A year ago, in his address to the nation, President Bush vowed, “I will not yield, I will not rest, I will not relent” in leading the war against terror. For about five months, it appeared that he intended to carry through on this solemn commitment–the war in Afghanistan was waged with vigor and dispatch, and Al Qaeda was severely damaged. But since January, the president has turned American attention and resources away from Al Qaeda to lead a crusade against Iraq’s Saddam Hussein, pushing the anti-terrorism campaign to the sidelines.
The ominous consequences of this shift are fully evident:
- The Taliban has lost control of Afghanistan, but American forces have failed to establish law and order in areas outside of Kabul. Well-armed bands of Taliban fighters have joined local warlords in challenging Hamid Karzai’s U.S.-backed government. Afghanistan is once again a breeding ground for terrorism.
- Significant elements of the Al Qaeda network have regrouped in Pakistan and elsewhere. Although pursued by America’s covert warriors and other friendly forces, Al Qaeda remnants continue to attack U.S. facilities, like the American consulate in Karachi.
- Al Qaeda and allied groups have reconstituted their international financial links. A recent UN report says the terrorists have circumvented U.S. controls on conventional bank transactions by relying on the underground trade in diamonds, gems, and precious metals.
These developments are partly due to the inherent difficulty of eradicating a well-established, multinational terrorist network. But they are also the product of inadequate White House leadership.
To prevail in the war against terrorism, U.S. leaders must devote their full attention to the day-to-day struggle against Al Qaeda, and continue to build international support in efforts to disable global terrorist links. President Bush stressed all this in his earliest statements a year ago.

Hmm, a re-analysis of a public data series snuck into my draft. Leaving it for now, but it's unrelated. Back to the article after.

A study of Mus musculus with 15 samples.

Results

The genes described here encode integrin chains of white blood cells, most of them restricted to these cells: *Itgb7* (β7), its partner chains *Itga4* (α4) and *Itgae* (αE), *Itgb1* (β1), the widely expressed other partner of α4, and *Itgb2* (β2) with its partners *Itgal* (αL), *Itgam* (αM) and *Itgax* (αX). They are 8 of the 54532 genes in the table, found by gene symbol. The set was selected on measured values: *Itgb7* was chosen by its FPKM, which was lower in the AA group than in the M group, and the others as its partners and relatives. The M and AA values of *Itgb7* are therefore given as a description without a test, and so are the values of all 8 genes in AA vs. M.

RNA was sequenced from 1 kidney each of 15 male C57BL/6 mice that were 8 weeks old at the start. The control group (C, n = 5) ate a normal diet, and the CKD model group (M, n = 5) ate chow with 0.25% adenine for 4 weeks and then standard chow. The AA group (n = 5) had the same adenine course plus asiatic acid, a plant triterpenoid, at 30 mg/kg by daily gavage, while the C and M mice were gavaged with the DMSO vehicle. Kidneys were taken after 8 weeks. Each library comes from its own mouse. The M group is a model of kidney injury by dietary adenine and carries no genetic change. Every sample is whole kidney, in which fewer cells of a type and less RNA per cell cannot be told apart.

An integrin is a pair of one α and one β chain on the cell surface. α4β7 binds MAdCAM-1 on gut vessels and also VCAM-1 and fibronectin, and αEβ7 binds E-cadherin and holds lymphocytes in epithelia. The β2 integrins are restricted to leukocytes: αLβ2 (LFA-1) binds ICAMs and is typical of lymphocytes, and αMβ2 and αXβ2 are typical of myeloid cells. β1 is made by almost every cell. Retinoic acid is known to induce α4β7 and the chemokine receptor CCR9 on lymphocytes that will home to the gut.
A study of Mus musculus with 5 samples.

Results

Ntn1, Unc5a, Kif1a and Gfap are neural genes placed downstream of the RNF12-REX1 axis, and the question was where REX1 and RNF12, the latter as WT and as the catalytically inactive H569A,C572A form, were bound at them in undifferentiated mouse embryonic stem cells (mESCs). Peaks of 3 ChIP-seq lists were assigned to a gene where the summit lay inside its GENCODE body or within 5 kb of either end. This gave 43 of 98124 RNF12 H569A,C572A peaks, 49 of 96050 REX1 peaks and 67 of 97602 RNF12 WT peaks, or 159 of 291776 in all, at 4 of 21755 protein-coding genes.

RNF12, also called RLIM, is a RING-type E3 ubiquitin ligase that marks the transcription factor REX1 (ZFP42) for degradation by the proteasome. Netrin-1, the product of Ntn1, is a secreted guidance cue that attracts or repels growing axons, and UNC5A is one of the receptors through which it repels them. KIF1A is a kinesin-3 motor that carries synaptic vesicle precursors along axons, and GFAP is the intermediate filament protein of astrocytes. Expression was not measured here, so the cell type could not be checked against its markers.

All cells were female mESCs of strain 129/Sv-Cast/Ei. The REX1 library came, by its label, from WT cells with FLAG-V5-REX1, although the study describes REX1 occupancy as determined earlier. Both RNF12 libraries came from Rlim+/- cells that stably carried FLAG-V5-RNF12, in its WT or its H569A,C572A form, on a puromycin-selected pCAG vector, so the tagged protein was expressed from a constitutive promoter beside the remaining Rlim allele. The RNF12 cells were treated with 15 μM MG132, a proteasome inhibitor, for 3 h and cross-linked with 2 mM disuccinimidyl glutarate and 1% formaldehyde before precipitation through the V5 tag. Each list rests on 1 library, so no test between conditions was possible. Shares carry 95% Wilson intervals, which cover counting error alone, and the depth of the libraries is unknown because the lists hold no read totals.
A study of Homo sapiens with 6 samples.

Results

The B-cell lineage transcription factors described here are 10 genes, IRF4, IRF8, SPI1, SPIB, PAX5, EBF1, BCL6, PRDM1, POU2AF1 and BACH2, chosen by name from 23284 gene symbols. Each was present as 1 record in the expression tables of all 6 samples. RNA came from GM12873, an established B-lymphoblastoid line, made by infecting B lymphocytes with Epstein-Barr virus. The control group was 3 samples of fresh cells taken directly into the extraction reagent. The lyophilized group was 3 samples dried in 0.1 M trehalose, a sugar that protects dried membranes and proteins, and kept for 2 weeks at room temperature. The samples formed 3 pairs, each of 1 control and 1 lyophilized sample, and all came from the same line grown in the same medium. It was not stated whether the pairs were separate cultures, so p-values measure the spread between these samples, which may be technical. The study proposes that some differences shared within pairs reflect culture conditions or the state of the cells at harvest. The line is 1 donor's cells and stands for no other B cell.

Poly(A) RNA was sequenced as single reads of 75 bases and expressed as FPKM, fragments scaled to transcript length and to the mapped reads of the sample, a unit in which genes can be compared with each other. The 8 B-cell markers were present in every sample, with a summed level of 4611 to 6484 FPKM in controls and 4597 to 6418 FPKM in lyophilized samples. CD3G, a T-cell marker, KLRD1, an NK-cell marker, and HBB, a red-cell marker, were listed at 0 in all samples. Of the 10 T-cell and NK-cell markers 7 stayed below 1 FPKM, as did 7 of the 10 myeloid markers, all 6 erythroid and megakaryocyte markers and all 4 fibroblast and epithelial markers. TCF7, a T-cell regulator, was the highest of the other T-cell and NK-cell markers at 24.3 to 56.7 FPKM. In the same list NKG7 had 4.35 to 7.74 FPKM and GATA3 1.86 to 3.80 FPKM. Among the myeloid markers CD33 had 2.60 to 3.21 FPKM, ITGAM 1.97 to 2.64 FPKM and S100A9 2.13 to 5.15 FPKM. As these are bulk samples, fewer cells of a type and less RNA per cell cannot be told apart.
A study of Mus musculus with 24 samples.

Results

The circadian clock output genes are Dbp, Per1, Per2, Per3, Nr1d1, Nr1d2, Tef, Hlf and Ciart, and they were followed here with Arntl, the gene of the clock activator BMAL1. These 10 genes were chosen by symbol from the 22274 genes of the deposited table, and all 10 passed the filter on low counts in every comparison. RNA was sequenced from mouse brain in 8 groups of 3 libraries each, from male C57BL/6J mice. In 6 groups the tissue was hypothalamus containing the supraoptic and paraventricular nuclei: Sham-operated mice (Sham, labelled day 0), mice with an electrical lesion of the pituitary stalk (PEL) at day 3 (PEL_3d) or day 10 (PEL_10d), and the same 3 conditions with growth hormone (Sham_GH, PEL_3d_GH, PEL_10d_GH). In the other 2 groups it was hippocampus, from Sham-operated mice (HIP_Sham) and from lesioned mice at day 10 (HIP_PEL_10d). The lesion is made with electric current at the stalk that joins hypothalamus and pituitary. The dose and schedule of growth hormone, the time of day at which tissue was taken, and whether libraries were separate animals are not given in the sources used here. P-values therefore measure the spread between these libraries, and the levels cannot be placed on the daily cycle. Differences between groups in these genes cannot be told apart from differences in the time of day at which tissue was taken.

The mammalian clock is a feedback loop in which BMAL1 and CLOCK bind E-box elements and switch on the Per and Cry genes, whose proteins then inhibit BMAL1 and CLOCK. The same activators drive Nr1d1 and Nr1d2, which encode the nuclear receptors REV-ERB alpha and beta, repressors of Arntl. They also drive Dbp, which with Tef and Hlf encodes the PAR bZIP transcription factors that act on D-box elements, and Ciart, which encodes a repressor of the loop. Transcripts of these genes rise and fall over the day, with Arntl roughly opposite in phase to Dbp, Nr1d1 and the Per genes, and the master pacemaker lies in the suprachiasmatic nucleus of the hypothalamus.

But since January, Mr. Bush has focused his subordinates on a different campaign. For example, Gen. Tommy R. Franks, head of the U.S. Central Command and the leader of U.S. forces in Afghanistan and Pakistan, is spending most of his time devising plans for an invasion of Iraq. Meantime, Bush’s crusade against Iraq has alienated foreign leaders whose help we need in the war against terrorism, allowing Al Qaeda breathing space and time to regroup.
To justify this policy shift, President Bush and his aides have argued that the campaign against Saddam is a natural continuation of the war against terrorism. But while the Iraqi leader has engaged in egregious behavior of all sorts and deserves international opprobrium and isolation, he had no part in the September 11 terror attacks and has no known ties to Al Qaeda or other terrorist organizations. Thus, going after Iraq is not a logical step in the war against terrorism–rather, it is a distraction.
As for Iraq, President Bush’s recent UN speech won favor and support from our European and Middle Eastern allies for now, and they continue to believe the best way to deal with Iraq is through the return of UN arms inspectors.
Without question, Mr. Bush’s threats did much to make that possible. But he has not foreclosed the possibility of a U.S. attack on Iraq. That would reverse global support for our policies, and more to the point, would greatly complicate our efforts to gain or maintain their cooperation in the more mundane but far more important task of tracking down Al Qaeda’s hidden operatives.
President Bush must re-focus. He must reaffirm his commitment to the war against terror and put aside his obsession with Saddam. The victims of September 11, their families and loved ones–and the rest of us–deserve no less.